In the continuing discussions in the Reformed camp over the issue of union with Christ and its relation to justification, one of the questions that has consistently risen is that of the definition of the gospel. Is the gospel the forensic doctrine of justification? Is it solely defined as imputation of righteousness and forgiveness on the personal ordo salutis?
It is often the assumption that the Lutheran approach to the gospel consists purely of subjective justification of the sinner without ontological or transformational categories. It is pure legal declaration. But is this portrayal of the Lutheran position accurate?
The Smalcald Articles make it apparent that for Luther, the center of the gospel is the objective work of Christ in history for us. This is how Luther defines the "chief article" of the Christian faith:
"That Jesus Christ, our God and Lord, died for our sins, and was raised again for our justification, Rom. 4:25.
2] And He alone is the Lamb of God which taketh away the sins of the world, John 1:29; and God has laid upon Him the iniquities of us all, Is. 53:6.
3] Likewise: All have sinned and are justified without merit [freely, and without their own works or merits] by His grace, through the redemption that is in Christ Jesus, in His blood, Rom. 3:23f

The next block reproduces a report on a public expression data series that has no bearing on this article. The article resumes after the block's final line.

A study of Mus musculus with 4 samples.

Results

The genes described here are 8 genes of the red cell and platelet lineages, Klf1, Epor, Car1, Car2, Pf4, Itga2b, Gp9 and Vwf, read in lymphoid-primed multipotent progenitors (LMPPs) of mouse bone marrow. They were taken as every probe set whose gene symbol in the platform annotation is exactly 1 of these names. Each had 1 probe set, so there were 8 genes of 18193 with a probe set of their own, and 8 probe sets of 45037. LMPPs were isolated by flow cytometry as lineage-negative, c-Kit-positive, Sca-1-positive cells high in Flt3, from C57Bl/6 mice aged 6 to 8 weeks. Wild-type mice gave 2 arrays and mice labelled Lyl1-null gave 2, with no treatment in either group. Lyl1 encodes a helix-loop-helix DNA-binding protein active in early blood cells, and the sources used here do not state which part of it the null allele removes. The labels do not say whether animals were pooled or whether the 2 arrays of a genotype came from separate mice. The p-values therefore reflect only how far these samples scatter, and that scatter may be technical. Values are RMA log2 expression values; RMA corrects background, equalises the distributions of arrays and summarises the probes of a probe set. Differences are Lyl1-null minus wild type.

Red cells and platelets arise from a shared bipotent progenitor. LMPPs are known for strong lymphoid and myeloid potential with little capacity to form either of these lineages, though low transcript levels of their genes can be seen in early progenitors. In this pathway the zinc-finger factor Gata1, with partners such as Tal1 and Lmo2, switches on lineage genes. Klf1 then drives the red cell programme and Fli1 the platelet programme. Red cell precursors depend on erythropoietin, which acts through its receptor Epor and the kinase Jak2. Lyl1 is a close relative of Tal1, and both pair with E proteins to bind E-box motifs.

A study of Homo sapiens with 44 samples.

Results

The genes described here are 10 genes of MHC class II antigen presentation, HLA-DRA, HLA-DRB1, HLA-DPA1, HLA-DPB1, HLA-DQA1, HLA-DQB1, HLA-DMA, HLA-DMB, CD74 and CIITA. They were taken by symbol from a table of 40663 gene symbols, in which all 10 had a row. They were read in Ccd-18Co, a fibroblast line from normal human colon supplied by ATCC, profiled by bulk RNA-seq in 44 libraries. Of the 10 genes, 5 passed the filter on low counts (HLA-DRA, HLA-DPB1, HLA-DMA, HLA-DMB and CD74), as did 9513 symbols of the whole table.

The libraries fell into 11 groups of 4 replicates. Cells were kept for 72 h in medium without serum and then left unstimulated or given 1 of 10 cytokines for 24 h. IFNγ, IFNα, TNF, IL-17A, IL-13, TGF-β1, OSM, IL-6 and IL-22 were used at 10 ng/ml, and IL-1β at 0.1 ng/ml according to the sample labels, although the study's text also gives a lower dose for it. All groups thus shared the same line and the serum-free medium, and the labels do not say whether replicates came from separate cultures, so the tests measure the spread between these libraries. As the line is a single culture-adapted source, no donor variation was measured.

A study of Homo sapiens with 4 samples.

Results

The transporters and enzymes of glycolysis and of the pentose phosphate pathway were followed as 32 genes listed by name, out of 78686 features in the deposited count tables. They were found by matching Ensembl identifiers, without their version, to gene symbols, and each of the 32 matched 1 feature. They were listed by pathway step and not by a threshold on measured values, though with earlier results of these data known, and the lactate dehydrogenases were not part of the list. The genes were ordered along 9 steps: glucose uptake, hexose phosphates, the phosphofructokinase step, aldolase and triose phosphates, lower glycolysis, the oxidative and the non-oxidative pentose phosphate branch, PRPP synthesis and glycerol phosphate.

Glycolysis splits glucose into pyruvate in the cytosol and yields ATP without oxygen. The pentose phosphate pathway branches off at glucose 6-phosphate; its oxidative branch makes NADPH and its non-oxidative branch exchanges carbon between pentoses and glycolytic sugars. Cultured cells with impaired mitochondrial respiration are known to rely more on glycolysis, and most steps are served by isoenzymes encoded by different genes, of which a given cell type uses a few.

4] Now, since it is necessary to believe this, and it cannot be otherwise acquired or apprehended by any work, law, or merit, it is clear and certain that this faith alone justifies us as St. Paul says, Rom. 3:28: For we conclude that a man is justified by faith, without the deeds of the Law. Likewise 3:26: That He might be just, and the Justifier of him which believeth in Christ." (Part II: Article 1)
Both objective and subjective justification constitute the gospel. Luther is also not willing to dismiss the effective change in the believer's heart as something foreign to the gospel. He states later in the Smalcald Articles of the doctrine of justification,
"I do not know how to change in the least what I have previously and constantly taught about justification. Namely, that through faith, as St. Peter says, we have a new and clean heart, and God will and does account us entirely righteous and holy for the sake of Christ our Mediator. Although sin in the flesh has not yet been completely removed or become dead, yet He will not punish or remember it." (Part III Article 13:1)
Not only is regeneration an aspect of the gospel for the Lutheran church, but also the Christian's adoption as God's child. As Melancthon writes in the Apology, “Since we receive forgiveness of sins and the Holy Spirit through faith alone, faith justifies. For those reconciled are counted as righteous and as God’s children.” (Apology IV:II:86)
Chemnitz also defines the gospel as something broader than simply imputation and forgiveness in his Loci Theologici, “For the Gospel contains the promise of the Spirit of renewal, who writes the Law into the heart of believers, Jer. 31:33. It also teaches how the beginnings of obedience, although imperfect and contaminated in many ways, are pleasing to God in those who are righteous for the sake of Christ." (Loci Theologici II-III, 826)
The gospel is the message of Christ for us and his accomplished salvation in his life, death, and resurrection. This brings imputation, forgiveness, adoption, eschatological vindication, and the Spirit who renews hearts. Hopefully this helps clarify some of these issues in the ongoing dialogue.